The Reality of Having Divorced Parents

When I was ten my parents first started showing signs of their impending divorce. My dad moved into an apartment and my mom would always go out with friends at night. It wasn’t until many months after, when my parents divorced was finalized, that my mom would sit my siblings and me down and have a conversation with us about it. My dad, later on, would move in with my soon to be stepmom and stepbrother. I remember feeling so awkward over the fact they would spend the night at our house months prior; I didn’t want things to change. I slowly started to feel like I was losing my dad to a whole other family – a memory that forever haunts my soul and brings forth tear-stained cheeks and a hurting heart.

According to an article by The New York Times titled, “Poll Says Even Quiet Divorces Affects Children’s Paths,” “Even in a ‘good divorce,’ in which parents amicably minimize their conflicts, children of divorce inhabit a more difficult emotional landscape than those in intact families, according to a new survey of 1,500 people ages 18 to 35.” 

Within the years that my parents have been divorced, I have dealt with so much emotional trauma. There’s a very distinct memory I have of a talk I had with my dad about how I was feeling during the early stages of my parents’ divorce. I was in my moms’ room and he’d came into the house because I was upset and didn’t want to go outside even though we had to go to his house because it was his weekend. And I just remember that feeling in my chest and stomach, that feeling you get when something hurts so much; I’d told him I felt like I’d lost him. All these new things happening so fast and all little me wanted was for herself and her little brother to spend some time with their dad. This was my reality; a broken twelve year old was my reality.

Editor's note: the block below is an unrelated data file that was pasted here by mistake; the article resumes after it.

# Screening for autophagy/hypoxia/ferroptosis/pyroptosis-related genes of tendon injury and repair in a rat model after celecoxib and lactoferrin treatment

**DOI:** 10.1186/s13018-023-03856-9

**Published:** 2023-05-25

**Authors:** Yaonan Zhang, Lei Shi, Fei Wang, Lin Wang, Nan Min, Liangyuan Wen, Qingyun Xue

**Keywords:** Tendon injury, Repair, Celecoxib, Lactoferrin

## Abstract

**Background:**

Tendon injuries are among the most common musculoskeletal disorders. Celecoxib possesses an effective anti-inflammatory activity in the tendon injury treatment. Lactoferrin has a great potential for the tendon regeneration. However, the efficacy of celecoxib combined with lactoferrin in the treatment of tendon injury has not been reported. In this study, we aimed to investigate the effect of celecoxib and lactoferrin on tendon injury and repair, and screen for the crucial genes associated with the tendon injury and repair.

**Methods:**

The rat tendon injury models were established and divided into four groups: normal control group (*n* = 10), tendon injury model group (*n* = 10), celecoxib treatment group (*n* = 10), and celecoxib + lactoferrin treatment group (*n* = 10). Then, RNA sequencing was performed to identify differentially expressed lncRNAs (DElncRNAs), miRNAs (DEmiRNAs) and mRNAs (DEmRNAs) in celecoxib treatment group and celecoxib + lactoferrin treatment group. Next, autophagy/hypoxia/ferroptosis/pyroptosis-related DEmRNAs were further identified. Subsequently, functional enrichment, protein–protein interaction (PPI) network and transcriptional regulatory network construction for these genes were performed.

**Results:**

And I’m not the only one. I can’t even fathom the countless children going through the same things as me or even worse. I can’t imagine the toll it is going to take on my younger brother who was only six or seven at the time. He is still growing and forming thoughts on his own; he’s still a kid. 

An article by the La Times titled, “Broken homes, broken boys” explains, “Autor and Wasserman cite a large study by University of Chicago sociologists Marianne Bertrand and Jessica Pan, which shows that, by fifth grade, fatherless boys were more disruptive than peers from two-parent families, and by eighth grade, they had a substantially greater likelihood of getting suspended. And justice experts have long known that juvenile facilities and adult jails overflow with sons from broken families.” 

Who knows what the future holds in store for my brother and kids just like him. What will my brother’s reality be?

Here’s the truth, some of us with divorced parents may get two birthdays, two Christmas ’, two thanksgivings, etc. But there’s so much that goes on beneath the surface. All I’m trying to say is the next time you come across someone with divorced parents, or you may already know people, don’t underestimate or undermine the struggle. Everyone has their depths, so don’t just stick around in the shallow end; you never know what you’ll learn about someone if you just swim out with them to the deep end. And who knows, maybe one day they’ll look back and acknowledge that you stood and took the time to listen and they’ll be thankful. I know I will.